By Katie Kerwin McCrimmon
Surveys of nearly 700 Coloradans found they support the state’s new health insurance exchange, but found they want hands-on help to make sense of the online market slated to go into effect in 2014.
“A navigator system is critical,” said Danny Katz, director of the Colorado Public Interest Research Group Foundation, CoPIRG, one of the groups that conducted focus group meetings in October and November at 53 sites across Colorado.
“People liked the idea of comparing health plans (online), but said, we need to have an ability to talk to somebody to get advice,” Katz said.
Participants said it was crucial that the navigators not be biased people who work for insurance companies.
They also want health exchange managers to be aggressive in negotiating with health insurance providers to get consumers the best quality plans for the lowest cost.
CoPirg worked with the Colorado Center on Law and Policy and the Colorado Consumer Health Initiative to conduct the detailed consumer surveys. Leaders from those groups plan to present their findings on March 26 to members of the board overseeing the creation of the health exchange.
Among the conclusions:
- Consumers want to be able to connect with a live person even if they’re reviewing health insurance information online.
- Shoppers want to be able to identify health plans that are relevant to them and want to search using criteria such as cost, provider networks and covered benefits.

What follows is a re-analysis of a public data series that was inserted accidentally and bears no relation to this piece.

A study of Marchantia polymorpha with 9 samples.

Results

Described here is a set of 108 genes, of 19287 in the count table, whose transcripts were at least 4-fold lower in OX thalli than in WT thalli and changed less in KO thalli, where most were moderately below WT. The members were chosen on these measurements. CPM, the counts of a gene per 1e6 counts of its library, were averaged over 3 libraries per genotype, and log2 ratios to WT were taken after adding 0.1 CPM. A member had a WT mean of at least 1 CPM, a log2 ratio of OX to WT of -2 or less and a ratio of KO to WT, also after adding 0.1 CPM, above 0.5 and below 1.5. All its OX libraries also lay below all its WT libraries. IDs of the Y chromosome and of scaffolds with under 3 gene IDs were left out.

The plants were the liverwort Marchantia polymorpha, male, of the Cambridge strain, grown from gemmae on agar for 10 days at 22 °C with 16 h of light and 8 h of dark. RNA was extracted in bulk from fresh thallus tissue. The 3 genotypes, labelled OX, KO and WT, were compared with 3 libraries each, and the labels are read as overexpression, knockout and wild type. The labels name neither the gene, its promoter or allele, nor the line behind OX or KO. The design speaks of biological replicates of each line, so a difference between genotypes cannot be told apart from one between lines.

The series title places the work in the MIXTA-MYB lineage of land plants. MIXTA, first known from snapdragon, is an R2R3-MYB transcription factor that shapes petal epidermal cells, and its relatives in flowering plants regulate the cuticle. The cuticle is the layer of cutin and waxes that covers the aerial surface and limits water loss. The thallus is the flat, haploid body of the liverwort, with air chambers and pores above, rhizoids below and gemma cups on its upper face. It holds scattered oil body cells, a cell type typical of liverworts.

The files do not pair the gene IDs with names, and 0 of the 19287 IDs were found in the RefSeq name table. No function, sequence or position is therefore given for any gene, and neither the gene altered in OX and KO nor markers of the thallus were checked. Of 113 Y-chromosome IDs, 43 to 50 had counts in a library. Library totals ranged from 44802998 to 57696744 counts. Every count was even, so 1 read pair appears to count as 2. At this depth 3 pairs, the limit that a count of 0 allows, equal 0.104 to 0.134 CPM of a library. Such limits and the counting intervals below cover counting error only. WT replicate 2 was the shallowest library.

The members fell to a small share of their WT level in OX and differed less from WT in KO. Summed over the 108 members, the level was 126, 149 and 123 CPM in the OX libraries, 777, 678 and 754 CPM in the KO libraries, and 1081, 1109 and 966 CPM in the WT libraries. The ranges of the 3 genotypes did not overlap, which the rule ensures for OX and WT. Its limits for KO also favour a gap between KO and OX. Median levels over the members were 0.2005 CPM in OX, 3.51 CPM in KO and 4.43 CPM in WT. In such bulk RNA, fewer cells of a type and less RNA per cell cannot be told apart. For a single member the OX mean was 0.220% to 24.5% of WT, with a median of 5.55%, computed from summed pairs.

- If consumers are eligible for other government programs, they want exchange staffers to be able to connect them directly with these programs.
- Even if participants generally opposed federal health reform, they liked the idea of Colorado having its own health insurance exchange.
Among those who assisted with the community forums was Alisha Brown of the Stapleton Foundation. The foundation has worked with five neighborhoods in northeast Denver to tap “be well” block captains. These are lay members of the community who get special training and educate members of their family and the neighborhood about health reform.
Brown said people are eager to learn more about potential changes on the horizon as a result of health reform. But, they want to get information from someone they know and trust, not an outside expert. That’s why she said the block captain network, which already has about 45 trained volunteers, offers so much promise.
She said plans for an online shopping network, similar to Travelocity, which offers competing prices for airline tickets, is both appealing and intimidating to people in the community.
“We know there’s a digital divide in our community,” Brown said. “The system could be a barrier unless there are people in place to guide consumers.”